Radio signals from Earth are already being heard by 29 potentially habitable exoplanets

In 1895, the Italian scientist and inventor Guglielmo Marconi conducted his first radio broadcast when his assistant tuned in to a radio station located less than a kilometer away. Thus Marconi created the first commercial radio system in the world. Until his death in 1937, radio signals were regularly used to communicate around the globe. At the same time, radio signals spread not only over the Earth, but also entered space. The first signals have been traveling through space for more than a century, reaching distances that Marconi could not even imagine.

Humanity has been broadcasting signals for more than 100 years. Photo: Unsplash

This raises interesting questions about the stars that these signals have already reached. What are these stars? Perhaps they have exoplanets? And if so, are there any Earth-like planets among them located in a habitable zone? How many of these exoplanets can spot us?

Fortunately, now we have the answers to these questions thanks to the research of Lisa Kaltenegger from Cornell University in Ithaca and Jackie Faherty from the American Museum of Natural History in New York. These astronomers have calculated the size of the sphere that our radio signals cover from the moment they are sent from Earth, identified the stars inside this sphere, and found out which of them should also see the Earth passing by the Sun. 

3D map of the Gaia catalog

This study was made possible thanks to the Gaia catalog, a new 3D map of our galaxy that shows the distances and movements of more than 100 million stars. The data for this map was collected by the European Space Agency’s Gaia spacecraft, which was launched in 2013; it maps the position and movement of about 1 billion astronomical objects. 

The resulting map gives astronomers new opportunities to study our galactic environment. The work of Kaltenegger and Faherty is a good example of this. By measuring the movement of stars, researchers can determine how long we have been visible to these stars and how much longer it will last. Kaltenegger and Faherty report that there are 75 star systems inside this sphere within a radius of 100 light-years that can or will soon be able to see us. Exoplanets orbiting four of them have already been discovered.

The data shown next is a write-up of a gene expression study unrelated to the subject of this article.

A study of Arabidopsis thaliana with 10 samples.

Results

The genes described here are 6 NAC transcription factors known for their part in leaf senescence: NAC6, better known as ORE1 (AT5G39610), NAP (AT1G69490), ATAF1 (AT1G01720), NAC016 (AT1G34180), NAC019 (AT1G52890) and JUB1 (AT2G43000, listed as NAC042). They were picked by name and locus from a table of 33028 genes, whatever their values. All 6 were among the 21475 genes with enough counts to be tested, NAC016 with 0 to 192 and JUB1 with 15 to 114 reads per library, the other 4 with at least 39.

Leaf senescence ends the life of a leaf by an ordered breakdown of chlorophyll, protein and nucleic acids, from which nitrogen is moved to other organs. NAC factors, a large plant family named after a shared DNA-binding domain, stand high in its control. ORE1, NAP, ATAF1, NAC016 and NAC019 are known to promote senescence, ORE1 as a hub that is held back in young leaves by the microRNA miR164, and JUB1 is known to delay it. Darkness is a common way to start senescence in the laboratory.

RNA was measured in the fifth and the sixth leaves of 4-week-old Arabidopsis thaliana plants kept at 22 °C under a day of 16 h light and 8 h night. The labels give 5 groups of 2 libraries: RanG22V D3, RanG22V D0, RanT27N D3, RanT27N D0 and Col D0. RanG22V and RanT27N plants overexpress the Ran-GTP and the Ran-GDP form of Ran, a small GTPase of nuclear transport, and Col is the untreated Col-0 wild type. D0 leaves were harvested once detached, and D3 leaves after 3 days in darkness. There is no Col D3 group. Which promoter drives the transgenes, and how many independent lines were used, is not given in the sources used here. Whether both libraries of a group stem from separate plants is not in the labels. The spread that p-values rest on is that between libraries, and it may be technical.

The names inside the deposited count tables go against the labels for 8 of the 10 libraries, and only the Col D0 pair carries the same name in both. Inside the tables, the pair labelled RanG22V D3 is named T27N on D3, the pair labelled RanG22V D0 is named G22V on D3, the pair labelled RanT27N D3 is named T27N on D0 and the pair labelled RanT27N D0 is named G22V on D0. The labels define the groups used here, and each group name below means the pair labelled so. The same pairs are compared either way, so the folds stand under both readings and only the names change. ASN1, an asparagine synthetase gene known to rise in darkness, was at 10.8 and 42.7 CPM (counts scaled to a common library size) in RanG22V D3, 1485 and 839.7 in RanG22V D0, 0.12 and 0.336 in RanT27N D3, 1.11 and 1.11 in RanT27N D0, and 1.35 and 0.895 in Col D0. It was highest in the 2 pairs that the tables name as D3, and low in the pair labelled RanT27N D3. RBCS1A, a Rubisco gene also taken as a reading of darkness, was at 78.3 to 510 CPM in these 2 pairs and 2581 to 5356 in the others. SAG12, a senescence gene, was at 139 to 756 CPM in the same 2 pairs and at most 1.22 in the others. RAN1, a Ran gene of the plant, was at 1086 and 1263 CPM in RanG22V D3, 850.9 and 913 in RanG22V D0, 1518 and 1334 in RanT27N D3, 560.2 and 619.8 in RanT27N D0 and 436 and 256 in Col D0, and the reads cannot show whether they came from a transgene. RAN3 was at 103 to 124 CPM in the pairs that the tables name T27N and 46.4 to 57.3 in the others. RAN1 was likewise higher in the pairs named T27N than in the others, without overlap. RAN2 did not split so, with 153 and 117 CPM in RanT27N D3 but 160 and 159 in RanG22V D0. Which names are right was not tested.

These star systems are generally well researched. For example, the Ross 128 system is the 13th closest to the Sun and the second closest system with a transiting exoplanet that has a size similar to Earth. There is also the Teegarden star system with at least two Earth-like exoplanets, and the Trappist-1 system with seven Earth-sized planets, four of which are in the habitable zone. 

We can be heard at a distance of 100 light years

Our radio signals continue to spread throughout the Universe. Therefore, Kaltenegger and Faherty also choose star systems that will receive our signals within the next 200 years or even longer and may notice us. 

“1,715 stars within 326 light-years are in the right position to have spotted life on a transiting Earth since early human civilization, with an additional 319 stars entering this special vantage point in the next 5,000 years,” they report.

Exoplanet statistics show that at least 25% of these stars have rocky exoplanets. Therefore, among these stars there must be at least 508 rocky planets on which the Earth can be well observed. Astronomers say the limitation of the distance to which our radio waves have spread from the Earth – about 100 light-years – means that there are 29 potentially habitable worlds that could see the passage of the Earth and perceive radio signals from our planet.

Radio signals and incredible developments

Of course, the possibility of life on these planets is completely unknown. The next generation of space telescopes can help astronomers study these worlds in more detail, determine their atmospheric composition and perhaps even see continents and oceans. 

For another actionable intelligence, Earth has long been an interesting target. Life originated on our planet about 4 billion years ago, giving our atmosphere a variety of oxygen and other biomarkers, such as methane. If astronomers find similar conditions elsewhere, it will definitely attract their attention.

This may even push us to search for radio signals that may already be reaching us from these places. There is no doubt that Marconi would have been amazed by such a development.

Earlier we reported on how astronomers caught radio signals from a distance of 8.8 billion light years.